Franchisee Law – PMPA Protects Gas Station Franchise Owners
British Petroleum or BP, one of the world’s largest oil companies, owns the ARCO gas station brand. Recently, BP announced they will sell their southern California oil refinery as well as a number of their ARCO locations here, while allowing other gas station franchise agreements to expire without being renewed.
This announcement has caused anxiety among numerous franchised ARCO dealers in Southern California. Will many of these gas station franchisees find themselves out of business?
Oil companies supply fuel to the public through retail gas stations. Many gas stations are operated by independent franchisees. In a typical franchise, an oil company [like Arco (BP), Exxon, Shell or Chevron] leases the premises to the franchisee, lets the franchisee use the company’s brand, and agrees to sell gasoline to the franchisee for resale. Tens of thousands of franchised gas stations serve the public across the USA. These franchisees may be protected under the Petroleum Marketing Practices Act, or PMPA.
PMPA Cuts Both Ways
In response to unfair terminations and nonrenewals of franchise agreements, Congress enacted the PMPA in 1978. The PMPA limits the circumstances in which an oil company may terminate a franchise or choose not to renew the franchise relationship at the end of the agreement’s term. A franchisor may terminate a franchise or choose not to renew only if the franchisor provides prior written notice and has a good reason, recognized in the Act.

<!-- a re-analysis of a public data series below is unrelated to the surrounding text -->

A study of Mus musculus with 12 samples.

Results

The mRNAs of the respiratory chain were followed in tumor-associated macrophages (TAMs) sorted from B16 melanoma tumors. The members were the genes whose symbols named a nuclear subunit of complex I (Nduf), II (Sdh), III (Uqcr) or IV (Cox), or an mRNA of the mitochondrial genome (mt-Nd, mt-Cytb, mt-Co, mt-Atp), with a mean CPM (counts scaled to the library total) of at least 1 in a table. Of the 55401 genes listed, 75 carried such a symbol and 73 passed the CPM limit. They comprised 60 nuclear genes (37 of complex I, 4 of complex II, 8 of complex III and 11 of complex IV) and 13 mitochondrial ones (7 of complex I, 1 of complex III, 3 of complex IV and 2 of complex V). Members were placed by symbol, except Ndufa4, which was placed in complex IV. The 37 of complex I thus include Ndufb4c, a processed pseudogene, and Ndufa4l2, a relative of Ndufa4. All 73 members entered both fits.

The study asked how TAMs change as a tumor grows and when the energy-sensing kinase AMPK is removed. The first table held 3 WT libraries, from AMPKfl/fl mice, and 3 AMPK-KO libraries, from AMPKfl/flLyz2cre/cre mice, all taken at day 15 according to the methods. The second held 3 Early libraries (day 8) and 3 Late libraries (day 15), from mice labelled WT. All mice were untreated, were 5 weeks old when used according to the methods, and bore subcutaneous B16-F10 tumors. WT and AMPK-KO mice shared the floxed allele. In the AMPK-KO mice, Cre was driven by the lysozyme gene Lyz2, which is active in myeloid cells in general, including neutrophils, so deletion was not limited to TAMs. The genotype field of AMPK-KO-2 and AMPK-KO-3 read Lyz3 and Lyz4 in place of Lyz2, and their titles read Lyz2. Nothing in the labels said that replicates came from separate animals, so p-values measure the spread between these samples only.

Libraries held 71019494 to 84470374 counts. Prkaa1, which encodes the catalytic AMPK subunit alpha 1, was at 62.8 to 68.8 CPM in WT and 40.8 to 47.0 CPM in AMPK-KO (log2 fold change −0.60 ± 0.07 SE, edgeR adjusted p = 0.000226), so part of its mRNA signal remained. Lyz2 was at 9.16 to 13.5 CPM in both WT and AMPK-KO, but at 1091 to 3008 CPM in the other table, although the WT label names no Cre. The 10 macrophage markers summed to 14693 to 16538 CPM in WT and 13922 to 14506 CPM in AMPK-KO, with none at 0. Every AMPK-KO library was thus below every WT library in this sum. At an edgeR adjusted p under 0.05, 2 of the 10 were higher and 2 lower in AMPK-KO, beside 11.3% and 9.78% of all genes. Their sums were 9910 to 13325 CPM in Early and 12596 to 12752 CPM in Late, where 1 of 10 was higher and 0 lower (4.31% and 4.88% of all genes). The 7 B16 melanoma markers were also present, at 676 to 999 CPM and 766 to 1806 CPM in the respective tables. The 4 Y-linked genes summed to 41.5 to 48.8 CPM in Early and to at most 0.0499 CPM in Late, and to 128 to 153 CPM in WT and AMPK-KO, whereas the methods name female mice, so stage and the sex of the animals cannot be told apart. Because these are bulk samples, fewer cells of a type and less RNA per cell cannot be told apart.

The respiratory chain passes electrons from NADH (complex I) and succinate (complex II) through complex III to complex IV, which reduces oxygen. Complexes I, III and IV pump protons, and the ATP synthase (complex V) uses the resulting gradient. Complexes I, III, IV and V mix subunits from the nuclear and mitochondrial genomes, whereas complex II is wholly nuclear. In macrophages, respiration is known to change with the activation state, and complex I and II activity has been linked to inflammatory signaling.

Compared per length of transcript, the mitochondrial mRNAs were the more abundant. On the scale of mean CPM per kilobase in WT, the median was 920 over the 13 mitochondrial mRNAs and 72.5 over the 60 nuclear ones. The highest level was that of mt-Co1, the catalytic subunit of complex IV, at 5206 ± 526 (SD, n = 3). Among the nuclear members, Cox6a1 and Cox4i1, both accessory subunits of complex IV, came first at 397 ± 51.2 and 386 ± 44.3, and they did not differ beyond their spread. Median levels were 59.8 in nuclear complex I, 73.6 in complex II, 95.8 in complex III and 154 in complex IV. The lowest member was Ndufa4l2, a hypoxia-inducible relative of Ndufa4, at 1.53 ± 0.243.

A franchisee can sue in federal court against a franchisor that violates the PMPA’s restrictions against termination or nonrenewal. Various remedies are available to a franchisee, including damages, attorney’s fees, costs of expert witnesses and equitable relief. A court can grant a preliminary injunction to protect a franchisee from a wrongful termination or nonrenewal.
In the BP situation, dealers may find some solace in the PMPA. Under that federal law, an oil industry franchisor cannot terminate a franchise early, or elect not to renew when its term expires, unless certain conditions are met. One of these conditions is that the Franchisor elects “in good faith and in the normal course of business” to withdraw from marketing fuel through retail outlets in the relevant geographic market area. When such a decision is made, the franchisor must offer to sell, transfer or assign its interest in the premises to the franchisee, or offer the franchisee an opportunity to buy the premises on the same terms as the franchisor is selling to someone else.
The PMPA has other detailed provisions which, if followed, may not prevent BP from completing its plan. But franchised ARCO dealers, and franchisees of any oil company, have rights as well, and may wish to explore those rights before their franchises are terminated, or not renewed.
David Gurnick is a Certified Specialist in Franchise and Distribution Law, as designated by the State Bar of California Board of Legal Specialization. You may reach the franchise attorney by calling 818.907-3285 or by email at email@example.com.